In the Media: Change of Md. Septic System Requirements; Baltimore Team Seeks to Build Charter School
A digest of Baltimore news from local sources.
From the Baltimore Sun: Rollback of septic system requirements raises questions about bay impact
"Some environmental advocates worry that a state plan to roll back regulations for septic systems in parts of Maryland could stall efforts to clean up the Chesapeake Bay.
"But proponents of Gov. Larry Hogan's proposal say the O'Malley-era rules, which require septics with advanced technology everywhere in Maryland, offer little or undetermined benefit to the environment, while burdening homeowners and making housing less affordable.
"Hogan announced the new rules Saturday in a speech to the Maryland Association of Counties in Ocean City. They allow counties to decide whether to require septic systems with so-called 'best available technology' outside environmentally critical areas, including land within 1,000 feet of Maryland tidal waters or wetlands such as the Chesapeake Bay, Atlantic coastal bays and their tidal tributaries.
"The proposed policy offers a more effective approach while reducing regulatory burdens, Maryland's environment secretary said Monday.
"'This is a regulatory step that benefits the bay and the business community across the state, by providing a flexible, results-based approach to septic systems,' said Secretary Ben Grumbles, whose department drafted the regulations and sent them Monday to the legislature's Joint Committee on Administrative, Executive and Legislative Review.
"The administration wants to eliminate requirements approved in 2012 under then-Gov. Martin O'Malley that required new septic systems to use technology that reduces by half the amount of nitrogen being released into groundwater.
"Traditional septic systems have no controls for nutrients found in sewage waste such as nitrogen, which leads to algae blooms, fish kills and dead zones in the bay and tributaries, said Alison Prost, Maryland executive director for the Chesapeake Bay Foundation.
"Reverting to traditional systems would make it necessary to look for other ways to prevent pollution and reach and maintain nitrogen reduction goals by a 2015 target, she said.
From the Baltimore Sun: Baltimore educators in the running for $10 million to build new charter school
"A team proposing to bring a 'revolutionary' charter high school to Baltimore, with students moving from project to project and customizing their schedules to earn diplomas in as few as two or as many as five years, has been named a finalist for a $10 million prize.
"The DaVinci Collaborative, made up of 27 educators, architects and technologists based in the city, is among five finalists for the money to be awarded by the widow of Apple visionary Steve Jobs. The group has made it past a thousand other competitors to reach the final round of a competition led by Laurene Powell Jobs.
"Although $10 million would not be enough to run a charter school, it would help the group build a facility and hire staff for opening day, said DaVinci Collaborative co-founder Travis Henschen.
"They expect to learn next month if they won the money to help move their plan from concept to reality. Their proposal was selected from 700 entries and is among 50 finalists for 'XQ: The Super School Project.' Five winners will be selected, each receiving $10 million. XQ representatives declined requests for an interview.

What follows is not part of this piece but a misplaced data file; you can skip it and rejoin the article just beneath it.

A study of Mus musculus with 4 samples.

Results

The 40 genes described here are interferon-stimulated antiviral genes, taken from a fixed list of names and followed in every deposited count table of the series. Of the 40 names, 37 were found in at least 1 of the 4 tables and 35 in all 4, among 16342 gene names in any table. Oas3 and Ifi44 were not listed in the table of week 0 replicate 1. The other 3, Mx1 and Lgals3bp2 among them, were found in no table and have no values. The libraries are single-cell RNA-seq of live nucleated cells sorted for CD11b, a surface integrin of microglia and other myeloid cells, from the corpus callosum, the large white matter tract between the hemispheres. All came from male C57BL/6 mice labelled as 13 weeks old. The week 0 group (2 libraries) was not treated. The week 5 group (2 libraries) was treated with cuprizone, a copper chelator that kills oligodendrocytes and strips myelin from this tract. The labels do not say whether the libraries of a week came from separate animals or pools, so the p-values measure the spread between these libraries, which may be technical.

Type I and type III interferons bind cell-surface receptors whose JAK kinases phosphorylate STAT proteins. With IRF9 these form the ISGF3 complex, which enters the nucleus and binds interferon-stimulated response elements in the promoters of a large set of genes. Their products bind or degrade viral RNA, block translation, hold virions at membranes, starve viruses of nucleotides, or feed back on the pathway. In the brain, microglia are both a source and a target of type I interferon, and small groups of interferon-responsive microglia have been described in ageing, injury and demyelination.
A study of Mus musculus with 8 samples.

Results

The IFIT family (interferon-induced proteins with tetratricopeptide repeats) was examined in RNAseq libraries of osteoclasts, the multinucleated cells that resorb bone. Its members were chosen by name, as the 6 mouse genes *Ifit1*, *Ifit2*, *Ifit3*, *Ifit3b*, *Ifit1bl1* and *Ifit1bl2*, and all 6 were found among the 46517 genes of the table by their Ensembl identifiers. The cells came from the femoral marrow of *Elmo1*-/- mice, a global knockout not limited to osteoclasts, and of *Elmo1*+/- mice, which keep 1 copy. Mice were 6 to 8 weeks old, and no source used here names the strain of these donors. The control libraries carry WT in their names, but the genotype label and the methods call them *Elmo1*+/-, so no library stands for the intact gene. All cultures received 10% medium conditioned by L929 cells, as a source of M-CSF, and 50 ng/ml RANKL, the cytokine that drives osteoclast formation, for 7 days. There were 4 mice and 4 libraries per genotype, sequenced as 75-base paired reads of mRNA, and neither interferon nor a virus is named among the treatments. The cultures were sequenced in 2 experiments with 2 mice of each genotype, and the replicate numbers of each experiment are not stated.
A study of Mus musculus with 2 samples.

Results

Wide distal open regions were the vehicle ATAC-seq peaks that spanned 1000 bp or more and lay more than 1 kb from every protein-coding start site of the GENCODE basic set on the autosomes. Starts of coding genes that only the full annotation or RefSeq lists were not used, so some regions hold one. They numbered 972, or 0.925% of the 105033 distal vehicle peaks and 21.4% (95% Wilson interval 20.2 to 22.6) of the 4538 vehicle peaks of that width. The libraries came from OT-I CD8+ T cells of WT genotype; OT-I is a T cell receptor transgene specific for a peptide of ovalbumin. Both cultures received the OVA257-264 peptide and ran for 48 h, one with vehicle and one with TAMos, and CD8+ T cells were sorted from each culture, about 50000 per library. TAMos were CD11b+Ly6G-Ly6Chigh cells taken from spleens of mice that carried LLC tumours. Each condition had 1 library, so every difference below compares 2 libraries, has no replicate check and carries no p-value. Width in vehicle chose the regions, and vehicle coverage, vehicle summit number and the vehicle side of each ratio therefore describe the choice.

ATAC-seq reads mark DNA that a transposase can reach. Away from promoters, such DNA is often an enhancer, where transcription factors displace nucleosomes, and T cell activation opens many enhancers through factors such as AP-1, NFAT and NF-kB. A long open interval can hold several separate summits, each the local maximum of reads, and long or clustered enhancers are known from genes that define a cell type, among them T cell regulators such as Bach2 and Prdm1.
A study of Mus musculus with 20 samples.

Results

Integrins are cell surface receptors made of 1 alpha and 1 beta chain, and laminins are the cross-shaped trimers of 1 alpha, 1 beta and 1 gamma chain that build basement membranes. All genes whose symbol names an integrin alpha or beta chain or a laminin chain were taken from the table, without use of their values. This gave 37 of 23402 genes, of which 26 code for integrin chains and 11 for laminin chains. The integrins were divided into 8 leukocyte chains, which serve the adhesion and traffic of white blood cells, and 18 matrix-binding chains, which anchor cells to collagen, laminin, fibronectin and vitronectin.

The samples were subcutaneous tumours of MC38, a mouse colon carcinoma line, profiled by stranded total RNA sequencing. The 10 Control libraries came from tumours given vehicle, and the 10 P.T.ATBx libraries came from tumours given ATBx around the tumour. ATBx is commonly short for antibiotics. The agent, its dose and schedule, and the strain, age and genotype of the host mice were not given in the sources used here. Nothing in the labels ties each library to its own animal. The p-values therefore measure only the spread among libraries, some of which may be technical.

"The team members met at Edcamp, an annual educator conference in Baltimore led by the participants themselves.
"Henschen, 26, taught world history at Cristo Rey Jesuit High School before becoming director of Higher Achievement, an after-school and summer academic program in Baltimore that targets at-risk youth in fifth through eighth grades. He said the collaborative's idea for a charter school is centered around Leonardo da Vinci, who was known as a polymath, or an expert in several fields of study. Henschen said students at the new charter school would be freed from sitting in a classroom from 7 a.m. to 2 p.m. every day and instead would have a personalized schedule with project-based lesson plans.
"'We want project-based learning to prepare students in the 21st century,' he said.
"The school would operate year-round and serve 400 to 500 students ages 14 to 20. The curriculum would be centered on STEAM, or science, technology, engineering, arts and math, according to a project outline. The school would feature group activities and cross-disciplinary learning on a daily basis, said Helene Luce, another co-founder. She is a former teacher and board member of the Patterson Park Public Charter School."
From the Baltimore Brew: Policing Baltimore in black and white
"The magnitude of the unconstitutional stopping, searching and harrassing of African American people in Baltimore documented by the U.S. Justice Department last week was, even for those who have experienced it for generations, breathtaking.
"All the patterns and abuses decried for years (and, to be honest, that were cited in a raft of previous reports) were laid out by the federal government in 163 data-rich pages – this time destined to become a legally-binding consent decree overseen by an independent monitor:
'Excessive use of force, unnecessary stops for minor offenses or no offenses at all, glaring racial disparities and race and gender bias, failure to hold wrongdoers accountable and much more.
"We hope these info-graphics make the report more accessible and invite readers to dive deeper, as the big question looms – what needs to happen next to make city law enforcement more effective, more just and truly accountable to the community it serves?"